Properly managing the flow of trailers in and out of a yard is essential to manufacturers and distributors striving to run an efficient operation. Despite growing complexity, roughly 60% of all businesses still rely on manual practices for their yard management. This practice creates delayed receipt processing, delayed outbound shipments, higher detention costs and higher operational costs.
Sometimes, it makes operational sense to have outside drivers drop and hook trailers in the yard vs. live loading or unloading. Reasons for dropping a trailer vs. live unloading can include: trailers are unloaded by a crew on a different shift, the items on the trailer are not needed immediately, and more trailers arrive outside of set schedules than your operation can unload in a given day. Drayage outfits, total load carriers, and drivers prefer to drop and hook trailers as it is more efficient. Drivers can get in and out without waiting the standard two hours to be loaded or unloaded.
Let’s look at a typical scenario for a distribution company using manual processes to manage the yard. Trailers may or may not have a scheduled appointment. If there is a schedule, it is typically collected in Excel on Outlook. Trailers are checked in to the facility. This process is often delegated to security officers working the gate entrances. This is not ideal for the consistent application of a manual process because they are typically high-turnover lower-wage workers. Once checked in, the trailer is logged into a spreadsheet and the driver told where to park the trailer and which empty trailer to pick up, if one is available. When the items in the trailer are needed, the trailer is called up to a door for unloading, typically through radio communication. If the trailer is not located where the spreadsheet states it should be, the yard jockey must drive around the yard to find it. Sometimes, they cannot find it, prompting a change of plan to unload a different trailer, starting the process over again.
For manufacturers, inefficient yard management can cause just as many problems. Raw materials are often stored in trailers and consumed during production. Empty trailers are parked in the yard and used to store and transport finished goods to distributors and retailers. There are many drawbacks to manual processes. These can include: inability to plan an unloading crew’s shift properly, “losing” trailers in the yard, delays in unloading products, expensive detention charges for late trailers, inefficient use of yard locations, and time spent performing manual yard checks.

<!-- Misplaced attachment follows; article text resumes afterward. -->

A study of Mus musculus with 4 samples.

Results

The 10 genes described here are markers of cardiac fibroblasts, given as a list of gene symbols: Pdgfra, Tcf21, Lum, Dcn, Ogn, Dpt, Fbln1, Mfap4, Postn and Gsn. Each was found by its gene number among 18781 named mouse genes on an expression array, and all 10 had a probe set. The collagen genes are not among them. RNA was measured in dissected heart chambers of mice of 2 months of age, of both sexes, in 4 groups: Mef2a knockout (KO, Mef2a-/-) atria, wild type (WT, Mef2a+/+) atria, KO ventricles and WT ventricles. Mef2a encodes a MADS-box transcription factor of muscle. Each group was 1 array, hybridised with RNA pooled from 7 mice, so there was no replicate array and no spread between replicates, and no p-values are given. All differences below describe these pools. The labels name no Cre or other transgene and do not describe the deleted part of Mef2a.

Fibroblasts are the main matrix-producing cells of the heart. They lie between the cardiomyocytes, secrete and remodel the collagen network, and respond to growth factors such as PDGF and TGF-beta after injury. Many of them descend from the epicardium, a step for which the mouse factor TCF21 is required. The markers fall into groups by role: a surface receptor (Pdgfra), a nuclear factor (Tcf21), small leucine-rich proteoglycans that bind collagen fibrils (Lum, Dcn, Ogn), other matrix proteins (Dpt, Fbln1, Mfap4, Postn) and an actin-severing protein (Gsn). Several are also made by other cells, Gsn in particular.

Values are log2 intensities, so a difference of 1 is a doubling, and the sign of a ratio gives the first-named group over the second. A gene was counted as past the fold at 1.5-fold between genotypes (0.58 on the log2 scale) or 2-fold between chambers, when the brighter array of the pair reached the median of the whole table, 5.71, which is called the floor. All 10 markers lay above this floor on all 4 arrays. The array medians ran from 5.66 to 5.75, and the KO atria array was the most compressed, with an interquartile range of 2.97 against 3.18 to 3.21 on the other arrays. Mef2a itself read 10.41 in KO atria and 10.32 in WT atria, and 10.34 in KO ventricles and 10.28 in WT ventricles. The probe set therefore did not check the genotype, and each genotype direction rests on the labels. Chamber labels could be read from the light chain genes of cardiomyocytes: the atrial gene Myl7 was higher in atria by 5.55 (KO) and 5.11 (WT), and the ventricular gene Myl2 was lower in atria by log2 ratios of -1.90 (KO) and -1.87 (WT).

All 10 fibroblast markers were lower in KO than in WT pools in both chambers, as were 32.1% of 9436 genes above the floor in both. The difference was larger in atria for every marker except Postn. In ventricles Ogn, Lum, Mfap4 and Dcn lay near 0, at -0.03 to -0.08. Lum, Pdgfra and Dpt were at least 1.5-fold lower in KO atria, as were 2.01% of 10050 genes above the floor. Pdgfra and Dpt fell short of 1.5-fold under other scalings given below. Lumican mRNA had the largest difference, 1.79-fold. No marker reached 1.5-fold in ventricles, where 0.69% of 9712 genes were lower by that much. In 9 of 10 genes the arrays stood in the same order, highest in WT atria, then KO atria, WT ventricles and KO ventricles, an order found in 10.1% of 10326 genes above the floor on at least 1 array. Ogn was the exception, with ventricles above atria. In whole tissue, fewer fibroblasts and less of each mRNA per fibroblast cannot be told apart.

Most of the downfalls of a manual yard management process can be mitigated with a modern yard management system (YMS). When selecting a YMS, look for the following capabilities:
- Gate check in and out with radio frequency identification (RFID) capabilities
- Demurrage and detention tracking
- Rotational yard check to validate equipment locations
- Mobile move application for fleet, over-the-road, and yard jockey drivers
- A 3D view of yard locations and buildings with color status
- Built-in templates for inspections with image capture
- Reporting dashboards with analytics
- Workflow definition and automated task generation
- Scale integration and weight capture
A YMS will make managing your yard more efficient by providing real-time access to the following:
- Ability to track all trailers and railcars by equipment ID from the time they enter the yard until they leave at the enterprise and facility level
- Exact location of a piece of equipment at any time
- Contents of a trailer or railcar to identify hot shipments
- Current status of equipment (in or out of service), type of equipment, and who the owner is
As the adoption of artificial intelligence (AI) in distribution and manufacturing increases, companies can leverage these capabilities to determine the best placement of trailers for unloading. YMS software will be able to decide on the most efficient door for unloading based on a trailer’s contents and which bins or shelves they will be stored in. It can also help to meet safety and compliance goals using cameras and identifying anomalous events.
During a recent discussion with Christopher Grice, site leader at Grainger’s market distribution center in Denver, I asked if it is essential to properly manage trailers in a company’s yard. Grice said, “Trailers entering and leaving your facility should be treated as an asset. Maintaining visibility to those assets and what is on them should be seen as a critical part of the overall supply chain. With that in mind, there is a multi-faceted impact that can be derived from superior execution in this area, including improved customer experience through increased product availability, greater throughput and cost management tied to resource and staff planning, reduced risk associated with security and loss prevention, and ultimately helps to foster strong relationships with key external carrier partners.”
A YMS will also reduce the time it takes to process equipment at the gate, reduce your detention charges through visibility, and improve your service levels.
Will Quinn is the director of industry solution and strategy at Infor.